By Libby Lewis, CNN
New York and Maryland may have grabbed recent headlines for taking a tough stance on guns, but they’re heavily Democratic states.
It’s a different story in red states – and purple states.
Attitudes are shifting in Virginia, home of the National Rifle Association. A recent poll by Quinnipiac University showed most Virginians are in favor of requiring background checks for buyers at gun shows. That’s not the law now.
But in the Virginia legislature, the pro-gun rights folks have a lot of friends.
A House panel flat out killed a number of gun restriction bills last week. And a House delegate just proposed a bill to try to bar Virginia from helping the federal government carry out any “investigation, prosecution, detention, arrest, search, or seizure” that would “infringe on the individual right to keep and bear arms…”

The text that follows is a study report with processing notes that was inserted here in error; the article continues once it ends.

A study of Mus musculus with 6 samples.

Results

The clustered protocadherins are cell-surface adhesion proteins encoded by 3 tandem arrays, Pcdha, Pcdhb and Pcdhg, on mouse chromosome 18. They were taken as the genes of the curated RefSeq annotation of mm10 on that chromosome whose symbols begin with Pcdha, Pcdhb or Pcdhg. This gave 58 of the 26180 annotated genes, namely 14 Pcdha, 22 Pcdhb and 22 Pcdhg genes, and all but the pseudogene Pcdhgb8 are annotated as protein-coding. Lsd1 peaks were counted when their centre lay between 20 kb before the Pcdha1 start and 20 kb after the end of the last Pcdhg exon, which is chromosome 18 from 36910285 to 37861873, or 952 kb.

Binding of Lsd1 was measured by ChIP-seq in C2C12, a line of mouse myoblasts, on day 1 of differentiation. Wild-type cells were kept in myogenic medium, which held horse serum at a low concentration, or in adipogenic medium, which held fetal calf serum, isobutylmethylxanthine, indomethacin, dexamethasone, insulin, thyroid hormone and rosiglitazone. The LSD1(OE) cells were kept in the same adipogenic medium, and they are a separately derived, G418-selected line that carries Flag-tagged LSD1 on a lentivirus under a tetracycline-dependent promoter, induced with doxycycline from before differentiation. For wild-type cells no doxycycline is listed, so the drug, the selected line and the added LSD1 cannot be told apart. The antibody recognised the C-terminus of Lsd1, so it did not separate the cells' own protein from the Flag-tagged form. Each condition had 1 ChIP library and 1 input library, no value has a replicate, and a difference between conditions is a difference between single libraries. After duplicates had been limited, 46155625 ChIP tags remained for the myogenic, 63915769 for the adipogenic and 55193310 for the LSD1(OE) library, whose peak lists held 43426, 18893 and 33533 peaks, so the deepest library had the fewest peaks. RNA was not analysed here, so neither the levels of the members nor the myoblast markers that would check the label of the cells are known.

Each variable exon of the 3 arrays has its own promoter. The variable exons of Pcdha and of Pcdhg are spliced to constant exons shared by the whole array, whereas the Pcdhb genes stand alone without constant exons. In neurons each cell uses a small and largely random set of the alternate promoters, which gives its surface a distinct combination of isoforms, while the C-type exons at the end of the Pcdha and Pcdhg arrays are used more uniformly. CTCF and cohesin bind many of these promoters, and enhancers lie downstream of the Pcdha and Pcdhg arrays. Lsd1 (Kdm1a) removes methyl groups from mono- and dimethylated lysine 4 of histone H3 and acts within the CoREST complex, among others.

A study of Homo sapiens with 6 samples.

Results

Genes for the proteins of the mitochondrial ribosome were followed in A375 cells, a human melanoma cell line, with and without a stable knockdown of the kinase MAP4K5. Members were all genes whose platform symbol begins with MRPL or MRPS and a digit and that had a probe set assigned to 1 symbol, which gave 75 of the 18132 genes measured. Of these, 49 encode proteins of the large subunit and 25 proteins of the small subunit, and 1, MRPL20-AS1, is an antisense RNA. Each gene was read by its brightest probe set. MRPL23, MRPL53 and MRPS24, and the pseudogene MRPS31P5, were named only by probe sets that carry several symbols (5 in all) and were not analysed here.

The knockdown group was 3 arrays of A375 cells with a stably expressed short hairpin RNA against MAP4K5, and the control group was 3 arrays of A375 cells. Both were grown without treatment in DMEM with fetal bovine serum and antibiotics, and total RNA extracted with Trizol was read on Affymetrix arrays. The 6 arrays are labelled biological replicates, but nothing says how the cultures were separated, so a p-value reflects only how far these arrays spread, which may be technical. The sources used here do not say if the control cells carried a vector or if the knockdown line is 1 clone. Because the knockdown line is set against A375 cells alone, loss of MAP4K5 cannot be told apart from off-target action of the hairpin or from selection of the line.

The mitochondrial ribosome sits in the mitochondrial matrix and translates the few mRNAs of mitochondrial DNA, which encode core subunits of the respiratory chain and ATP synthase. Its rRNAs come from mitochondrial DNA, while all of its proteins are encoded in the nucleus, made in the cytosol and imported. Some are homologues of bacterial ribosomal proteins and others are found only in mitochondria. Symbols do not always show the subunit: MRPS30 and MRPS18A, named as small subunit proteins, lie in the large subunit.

People on both sides of the gun issue showed up in Richmond on Monday to lobby lawmakers during an annual lobbying event.
The Virginia Citizens Defense League – whose motto is, “Defending Your Right to Defend Yourself" – had dozens of supporters there, some of them motivated by Newtown to lobby their cause for the first time.
Among the pro-gun crowd were a number of women, and a young interracial couple – in their 20s – both college grads. At a meeting of the Virginia Citizens Defense League to plan for the lobbying trip, there was a guy in a business suit, a State Department employee, an intelligence analyst and a videographer.
Bruce Jackson’s on the board of directors for the group:
[2:10] "Basically, a lot of people think when you go to a gun show, all you’re gonna see is mouth-breathing, camo-wearing, red-necked, fat, old, white guys driving pickup trucks. And that’s not true. Basically, it’s a big swath of humanity."
Dozens of folks also showed up to lobby for gun restrictions – some of them for the first time – because of Newtown.
Rebecca Caffrey is working with a group called One Million Moms for Gun control – it was formed after Newtown to push for background checks, an assault weapons ban and other restrictions. She asked the group in Richmond for help – beyond just "liking" the group on Facebook:
[4:45] "We have a lot of very passive supporters and we need people who will actually show up."